Source: Overanalyzing? Here is why.
One of the most employed tools in dealing with fear and anxiety is overanalyzing or overthinking.
Typically when we try to make our mind about something or make a decision that has the potential to impact us negatively we panic (afraid of the consequences), become more controlling about the problem at stake, and eventually attempt to fend off danger by intensely focusing our attention on the occurring possibilities (also known as overthinking or overanalyzing). And yes, we drive ourselves mad in the process and the miracle solution never seems to come along.
While overthinking is a very common strategy (lots and lots of people employ it) it is also a very unhelpful tool and a defense system meant to give us the illusion of control while wreaking havoc in the background.
When we overanalyze or overthink things all we do is focus on the mind while ignoring our emotions and the body. We become removed and disconnected from ourselves, trapped in a self-induced hypnotic like state. The longer we stay in, the harder it feels to get back to that state of internal balance which instinctively we try to achieve. It is this state that leads to disconnecting from ourselves, our intuition and creativity.
Sometimes we act as if being in touch with our emotions is a sign of weakness and live our lives with the belief (delusion) that we can control our own emotions as well as others’. We ask ourselves for perfection and hope/ believe that somehow, we’re above the rest. In trying to prove ourselves different though, we exchange our humanity for a false sense of super power and close ourselves to the flawed beauty inside and out, to the inspiration that surrounds us, the dreams and creativity we all are capable of, and to the emotions (not only the ones we like) that makes us who we are.
It takes an iron like willingness and a desire to truly understand yourself to be able to pull yourself out of the trance and achieve balance, and it is doable.
As with working through any defense systems, when dealing with overthinking you must first become self-aware. Not that you go about living in the world completely unaware because up to a certain extent we all maintain a certain level of self-awareness. Draw from your child-like curiosity (that insatiable curiosity that knows no boundaries) and use it to fully understand where you are, how stuck you are and finally make a conscious decision to break through the prison you’ve created for yourself while knowing what the consequences are for both sticking with overthinking or moving away from it. Can you think of the benefits and risks of either choice?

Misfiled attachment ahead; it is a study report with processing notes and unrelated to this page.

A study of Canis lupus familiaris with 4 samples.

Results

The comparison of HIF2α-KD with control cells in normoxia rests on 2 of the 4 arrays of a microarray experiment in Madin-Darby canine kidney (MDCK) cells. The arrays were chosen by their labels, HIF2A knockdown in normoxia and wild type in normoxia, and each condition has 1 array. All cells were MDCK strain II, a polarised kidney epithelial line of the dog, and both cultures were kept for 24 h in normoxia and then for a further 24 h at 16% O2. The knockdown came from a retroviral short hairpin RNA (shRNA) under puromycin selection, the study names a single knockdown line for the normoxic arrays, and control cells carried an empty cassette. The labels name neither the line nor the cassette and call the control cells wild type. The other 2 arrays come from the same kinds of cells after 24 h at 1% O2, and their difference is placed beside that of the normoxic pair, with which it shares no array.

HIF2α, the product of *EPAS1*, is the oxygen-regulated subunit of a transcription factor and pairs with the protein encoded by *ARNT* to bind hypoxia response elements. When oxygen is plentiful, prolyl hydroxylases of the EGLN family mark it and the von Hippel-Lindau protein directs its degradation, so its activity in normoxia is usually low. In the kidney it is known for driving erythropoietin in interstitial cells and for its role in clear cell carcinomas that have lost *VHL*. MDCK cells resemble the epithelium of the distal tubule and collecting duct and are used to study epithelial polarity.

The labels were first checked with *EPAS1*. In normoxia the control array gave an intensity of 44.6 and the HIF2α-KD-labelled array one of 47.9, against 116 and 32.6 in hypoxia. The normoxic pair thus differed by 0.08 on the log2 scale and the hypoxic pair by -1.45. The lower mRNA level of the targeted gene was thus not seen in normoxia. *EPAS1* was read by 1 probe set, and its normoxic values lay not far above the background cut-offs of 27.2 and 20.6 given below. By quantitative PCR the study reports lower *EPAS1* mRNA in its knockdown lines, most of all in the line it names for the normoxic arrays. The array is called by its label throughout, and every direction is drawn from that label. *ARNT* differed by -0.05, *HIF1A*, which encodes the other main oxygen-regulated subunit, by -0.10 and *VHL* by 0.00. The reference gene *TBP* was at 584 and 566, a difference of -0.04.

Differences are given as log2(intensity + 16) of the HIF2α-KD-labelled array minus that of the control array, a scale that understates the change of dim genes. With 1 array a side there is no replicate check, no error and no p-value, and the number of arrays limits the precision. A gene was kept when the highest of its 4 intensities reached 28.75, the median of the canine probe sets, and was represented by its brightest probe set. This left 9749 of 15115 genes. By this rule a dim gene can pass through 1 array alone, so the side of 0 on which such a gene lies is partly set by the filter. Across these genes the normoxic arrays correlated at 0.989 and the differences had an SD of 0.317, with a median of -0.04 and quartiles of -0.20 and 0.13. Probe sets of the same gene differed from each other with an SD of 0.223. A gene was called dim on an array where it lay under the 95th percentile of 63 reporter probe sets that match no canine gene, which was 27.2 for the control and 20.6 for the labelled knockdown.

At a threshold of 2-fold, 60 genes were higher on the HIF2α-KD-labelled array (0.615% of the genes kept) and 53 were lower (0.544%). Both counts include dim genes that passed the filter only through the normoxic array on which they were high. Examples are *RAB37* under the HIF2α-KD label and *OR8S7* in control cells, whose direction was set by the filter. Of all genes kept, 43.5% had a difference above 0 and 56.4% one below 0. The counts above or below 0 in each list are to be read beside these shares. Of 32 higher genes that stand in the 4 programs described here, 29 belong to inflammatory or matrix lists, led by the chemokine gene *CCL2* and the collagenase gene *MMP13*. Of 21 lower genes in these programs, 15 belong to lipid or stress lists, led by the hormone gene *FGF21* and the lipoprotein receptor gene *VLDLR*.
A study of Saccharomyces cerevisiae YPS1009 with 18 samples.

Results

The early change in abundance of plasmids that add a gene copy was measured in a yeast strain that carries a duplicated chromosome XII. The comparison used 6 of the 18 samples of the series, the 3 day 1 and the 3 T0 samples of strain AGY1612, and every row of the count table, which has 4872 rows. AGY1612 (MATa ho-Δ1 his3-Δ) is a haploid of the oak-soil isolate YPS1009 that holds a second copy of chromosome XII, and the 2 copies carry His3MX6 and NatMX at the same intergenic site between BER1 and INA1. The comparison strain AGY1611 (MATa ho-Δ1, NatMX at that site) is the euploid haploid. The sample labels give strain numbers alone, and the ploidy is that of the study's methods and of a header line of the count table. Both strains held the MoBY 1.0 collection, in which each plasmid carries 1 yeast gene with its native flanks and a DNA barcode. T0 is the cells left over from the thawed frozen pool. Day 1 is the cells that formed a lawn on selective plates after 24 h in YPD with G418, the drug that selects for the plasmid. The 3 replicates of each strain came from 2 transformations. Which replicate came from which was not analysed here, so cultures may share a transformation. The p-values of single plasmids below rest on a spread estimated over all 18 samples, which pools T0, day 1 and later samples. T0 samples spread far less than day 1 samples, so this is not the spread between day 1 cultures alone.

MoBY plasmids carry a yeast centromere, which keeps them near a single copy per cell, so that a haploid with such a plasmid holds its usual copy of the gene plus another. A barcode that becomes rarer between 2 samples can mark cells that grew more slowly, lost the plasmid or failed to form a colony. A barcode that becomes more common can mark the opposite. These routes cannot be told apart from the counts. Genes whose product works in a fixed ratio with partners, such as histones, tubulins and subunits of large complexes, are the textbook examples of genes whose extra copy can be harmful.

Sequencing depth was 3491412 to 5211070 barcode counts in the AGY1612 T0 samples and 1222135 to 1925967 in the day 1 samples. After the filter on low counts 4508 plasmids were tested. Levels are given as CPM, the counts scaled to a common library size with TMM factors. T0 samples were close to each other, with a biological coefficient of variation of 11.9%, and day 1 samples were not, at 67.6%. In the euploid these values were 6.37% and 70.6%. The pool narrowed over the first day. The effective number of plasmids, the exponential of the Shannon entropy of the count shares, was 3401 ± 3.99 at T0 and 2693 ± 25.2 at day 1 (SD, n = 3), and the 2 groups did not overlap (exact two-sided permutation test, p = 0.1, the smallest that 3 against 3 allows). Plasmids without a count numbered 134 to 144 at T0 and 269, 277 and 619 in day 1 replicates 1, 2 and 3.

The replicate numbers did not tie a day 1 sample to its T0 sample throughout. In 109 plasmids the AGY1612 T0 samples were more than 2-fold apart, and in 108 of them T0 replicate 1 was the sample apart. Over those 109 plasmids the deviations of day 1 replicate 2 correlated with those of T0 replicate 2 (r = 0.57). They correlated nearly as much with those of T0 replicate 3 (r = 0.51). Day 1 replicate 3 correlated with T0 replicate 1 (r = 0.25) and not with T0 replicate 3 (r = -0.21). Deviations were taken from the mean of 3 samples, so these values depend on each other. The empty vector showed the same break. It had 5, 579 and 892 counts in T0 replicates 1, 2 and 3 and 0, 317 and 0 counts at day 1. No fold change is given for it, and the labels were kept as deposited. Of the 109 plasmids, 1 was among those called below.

If you’ve been using the tool of overanalyzing for most of your life, the idea of putting an end to it might be both desirable as well as frightening. On one hand you may be thinking that it would be nice not to have to split hairs over everything while, on the other hand overthinking seems to give you a sense of control; plus, it’s “the devil you know”.
So what lies outside of the familiar and beyond the walls of this defense mechanism?
It is the willingness to take the leap into the unknown that will make a difference for the better.
The unknown is a repository holding your discarded emotions, the repressed and suppressed ones, the things you keep to yourself, your secrets and your shame.
The idea of taking a leap into everything that you want to forget is fear inducing; after all, you’ve worked hard to put things (emotions) behind you, to not have to deal with them anymore. Why would you consciously go there? Because the emotions that make up the unknown are not behind you or outside of you. We carry them with us and at the same time we choose to not look, understand, and ultimately accept this big part of ourselves.
The leap into the unknown is what ultimately will bring clarity, resolve, and self-acceptance (and with it a deep understanding of your core self and your own flawed and beautiful humanity).
About Diana C. Pitaru, M.S., L.P.C.
Diana Pitaru is a Romanian psychotherapist in private practice in Denver, Colorado. She writes about universal psychological issues that affect quality of life and impede the creative process. Passionate about psychology, philosophy, art, and culture and how these areas connect to improve mental health, Diana offers support and insight to creative adults and teens who struggle with identity/existential issues and in relationships, have a history of trauma, or suffer with depression or anxiety. You can find her Denver practice atwww.therapistdiana.com/.